Turkey’s government is pushing for more interest rate cuts, saying they’ll help to slow inflation even as economists and investors warn the opposite holds true.
Economy Minister Nihat Zeybekci said in an e-mailed statement today that the central bank’s main interest rates are higher than market expectations and must be brought down quickly to stop “cost inflation.” Consumer prices rose by an annual 9.3 percent last month, more than any economist forecast and nearly twice the pace targeted by the central bank.
The remarks show how the Turkish government, led by Prime Minister Recep Tayyip Erdogan, is pressuring the central bank to put an untested theory of economics into action. While central bankers around the world, including Turkey’s, make interest rate decisions based on the textbook assumption that higher rates work to slow inflation, Erdogan and Zeybekci argue that high rates are the cause of quickening inflation.
The theory rests on the argument that producers forced to borrow at higher rates then push those costs on to consumers, driving prices higher, Zeybekci explained today.
“Turkish inflation isn’t demand-driven,” Zeybekci said in an interview with NTV television after his e-mailed statement. “It’s driven by the cost of financing.”
Zeybekci urged the central bank to disregard calls from commercial bank economists to stop the easing cycle that started in May.
“It’s the exact opposite of interpretations that say we shouldn’t have a rate cut at the next meeting of the monetary policy committee,” Zeybekci said. “We support our central bank and think that rates need to be cut until they meet expectations of markets that support production, investment and exports.”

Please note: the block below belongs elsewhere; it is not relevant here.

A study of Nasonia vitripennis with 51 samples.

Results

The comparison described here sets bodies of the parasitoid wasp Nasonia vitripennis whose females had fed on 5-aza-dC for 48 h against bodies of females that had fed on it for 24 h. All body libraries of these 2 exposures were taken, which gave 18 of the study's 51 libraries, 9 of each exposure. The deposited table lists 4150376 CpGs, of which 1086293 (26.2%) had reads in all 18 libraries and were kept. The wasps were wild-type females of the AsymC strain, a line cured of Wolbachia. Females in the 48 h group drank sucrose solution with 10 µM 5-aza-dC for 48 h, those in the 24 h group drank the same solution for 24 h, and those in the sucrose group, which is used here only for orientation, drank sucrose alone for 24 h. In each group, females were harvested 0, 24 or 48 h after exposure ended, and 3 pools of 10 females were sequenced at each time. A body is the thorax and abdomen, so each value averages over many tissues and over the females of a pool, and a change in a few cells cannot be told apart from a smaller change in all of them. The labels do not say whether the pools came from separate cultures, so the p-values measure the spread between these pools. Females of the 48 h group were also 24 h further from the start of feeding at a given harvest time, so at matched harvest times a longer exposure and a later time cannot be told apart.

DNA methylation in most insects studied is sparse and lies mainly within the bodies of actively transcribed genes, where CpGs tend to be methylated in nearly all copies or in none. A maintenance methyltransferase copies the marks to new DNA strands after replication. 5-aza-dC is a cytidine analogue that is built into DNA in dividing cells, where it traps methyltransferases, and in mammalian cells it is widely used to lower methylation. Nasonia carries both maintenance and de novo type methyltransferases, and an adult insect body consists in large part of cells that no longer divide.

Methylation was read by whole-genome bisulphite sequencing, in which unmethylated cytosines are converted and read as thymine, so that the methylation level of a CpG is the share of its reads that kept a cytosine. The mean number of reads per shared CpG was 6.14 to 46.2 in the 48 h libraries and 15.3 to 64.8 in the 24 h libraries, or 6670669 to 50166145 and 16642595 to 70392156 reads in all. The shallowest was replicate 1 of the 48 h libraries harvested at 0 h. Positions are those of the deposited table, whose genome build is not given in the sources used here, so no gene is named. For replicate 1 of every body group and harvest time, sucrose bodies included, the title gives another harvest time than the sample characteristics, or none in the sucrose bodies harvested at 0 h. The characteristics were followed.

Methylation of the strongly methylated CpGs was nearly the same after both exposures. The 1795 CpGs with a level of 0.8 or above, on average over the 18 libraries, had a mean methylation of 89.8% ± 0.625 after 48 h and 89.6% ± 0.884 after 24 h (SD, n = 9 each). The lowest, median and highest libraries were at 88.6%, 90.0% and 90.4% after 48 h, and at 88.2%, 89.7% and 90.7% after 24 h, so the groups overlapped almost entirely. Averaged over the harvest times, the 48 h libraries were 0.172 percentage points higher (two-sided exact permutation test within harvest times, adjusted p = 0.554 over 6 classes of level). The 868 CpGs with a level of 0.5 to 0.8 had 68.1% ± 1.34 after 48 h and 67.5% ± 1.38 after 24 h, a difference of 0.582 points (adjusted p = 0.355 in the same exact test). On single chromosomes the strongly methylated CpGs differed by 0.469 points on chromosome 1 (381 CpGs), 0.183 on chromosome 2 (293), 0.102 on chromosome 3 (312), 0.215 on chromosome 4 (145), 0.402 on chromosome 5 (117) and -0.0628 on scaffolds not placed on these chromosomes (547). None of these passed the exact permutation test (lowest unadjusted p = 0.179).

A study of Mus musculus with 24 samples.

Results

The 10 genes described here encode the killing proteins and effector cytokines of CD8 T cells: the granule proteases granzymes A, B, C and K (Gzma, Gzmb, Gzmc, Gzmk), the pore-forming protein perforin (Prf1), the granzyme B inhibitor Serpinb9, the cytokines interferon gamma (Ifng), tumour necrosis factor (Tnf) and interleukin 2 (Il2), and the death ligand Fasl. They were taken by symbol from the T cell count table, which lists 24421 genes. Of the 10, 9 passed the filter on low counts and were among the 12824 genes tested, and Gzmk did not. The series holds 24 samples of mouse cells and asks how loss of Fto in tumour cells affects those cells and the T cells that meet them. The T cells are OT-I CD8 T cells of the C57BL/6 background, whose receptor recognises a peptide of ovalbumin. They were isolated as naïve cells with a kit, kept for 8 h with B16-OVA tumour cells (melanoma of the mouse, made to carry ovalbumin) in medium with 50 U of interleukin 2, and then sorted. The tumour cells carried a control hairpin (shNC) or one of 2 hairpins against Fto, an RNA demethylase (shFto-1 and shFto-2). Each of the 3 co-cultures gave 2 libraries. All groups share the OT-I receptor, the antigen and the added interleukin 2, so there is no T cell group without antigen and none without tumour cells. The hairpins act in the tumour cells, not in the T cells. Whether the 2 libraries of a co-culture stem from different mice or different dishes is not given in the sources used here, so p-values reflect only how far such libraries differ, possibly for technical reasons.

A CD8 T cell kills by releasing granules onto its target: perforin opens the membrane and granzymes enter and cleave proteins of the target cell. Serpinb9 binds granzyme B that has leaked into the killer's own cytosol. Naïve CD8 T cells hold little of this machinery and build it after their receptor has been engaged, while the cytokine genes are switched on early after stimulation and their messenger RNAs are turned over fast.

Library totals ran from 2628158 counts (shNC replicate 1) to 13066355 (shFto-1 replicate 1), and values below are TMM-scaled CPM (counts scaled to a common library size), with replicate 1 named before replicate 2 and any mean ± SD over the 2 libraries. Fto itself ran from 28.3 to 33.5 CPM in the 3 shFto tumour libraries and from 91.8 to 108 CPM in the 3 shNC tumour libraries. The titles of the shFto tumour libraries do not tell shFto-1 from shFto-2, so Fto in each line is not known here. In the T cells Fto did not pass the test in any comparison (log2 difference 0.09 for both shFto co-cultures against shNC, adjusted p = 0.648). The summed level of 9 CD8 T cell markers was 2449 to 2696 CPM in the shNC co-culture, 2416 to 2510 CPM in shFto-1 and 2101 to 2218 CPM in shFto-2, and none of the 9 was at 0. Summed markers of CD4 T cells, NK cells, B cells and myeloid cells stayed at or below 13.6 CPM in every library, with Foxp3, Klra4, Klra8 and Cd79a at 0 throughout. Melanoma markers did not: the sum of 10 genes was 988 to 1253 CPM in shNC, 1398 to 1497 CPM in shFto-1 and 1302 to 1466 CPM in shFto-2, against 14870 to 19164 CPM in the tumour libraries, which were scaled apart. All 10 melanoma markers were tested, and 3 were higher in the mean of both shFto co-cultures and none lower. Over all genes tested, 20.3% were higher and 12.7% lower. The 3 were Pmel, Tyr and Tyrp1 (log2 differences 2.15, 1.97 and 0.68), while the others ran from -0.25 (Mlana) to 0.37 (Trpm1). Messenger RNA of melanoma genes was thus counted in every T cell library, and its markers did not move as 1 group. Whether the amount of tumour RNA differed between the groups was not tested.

Government pressure means the bank will probably lower its main one-week repo rate at its next meeting on Aug. 27 should the lira remain stable, Maya Senussi, an economist at Roubini Global Economics LLC, said in a note for clients yesterday.
“We expect the Turkish central bank to look past the surprise re-acceleration in July inflation, extending its unjustified and politically motivated easing cycle,” she said.
The lira strengthened 0.3 percent to 2.1258 per dollar at 11:55 a.m. in Istanbul today, extending its appreciation this year to 1.1 percent. Yields on two-year bonds fell 18 basis points, paring yesterday’s 58 basis-point increase, the largest since May. At 9.14 percent, Turkey’s local-currency yields are third-highest among 21 major emerging markets tracked by Bloomberg.
Banks including Goldman Sachs (GS), Morgan Stanley (MS) and JPMorgan Chase & Co. (JPM) raised their estimates for Turkish year-end inflation yesterday, each citing lower interest rates that are driving inflation.
Zeybekci said that the central bank should cut rates because that’s also what the market expects.
“Markets expect lower interest rates than the current levels due to the economic and political stability of our country,” he said. “We insist that high real interest rates have an absolute impact on cost inflation.”
Central bank Governor Erdem Basci said in a presentation to Erdogan’s government in June that the inflation rate would fall after a 550 basis-point emergency rate increase in January, and that interest rates could then be brought down. Basci has cut the one-week repo rate by a cumulative 175 basis points since May to 8.25 percent last month. The government wants rates to be cut back to levels in January, when the main rate was 4.5 percent.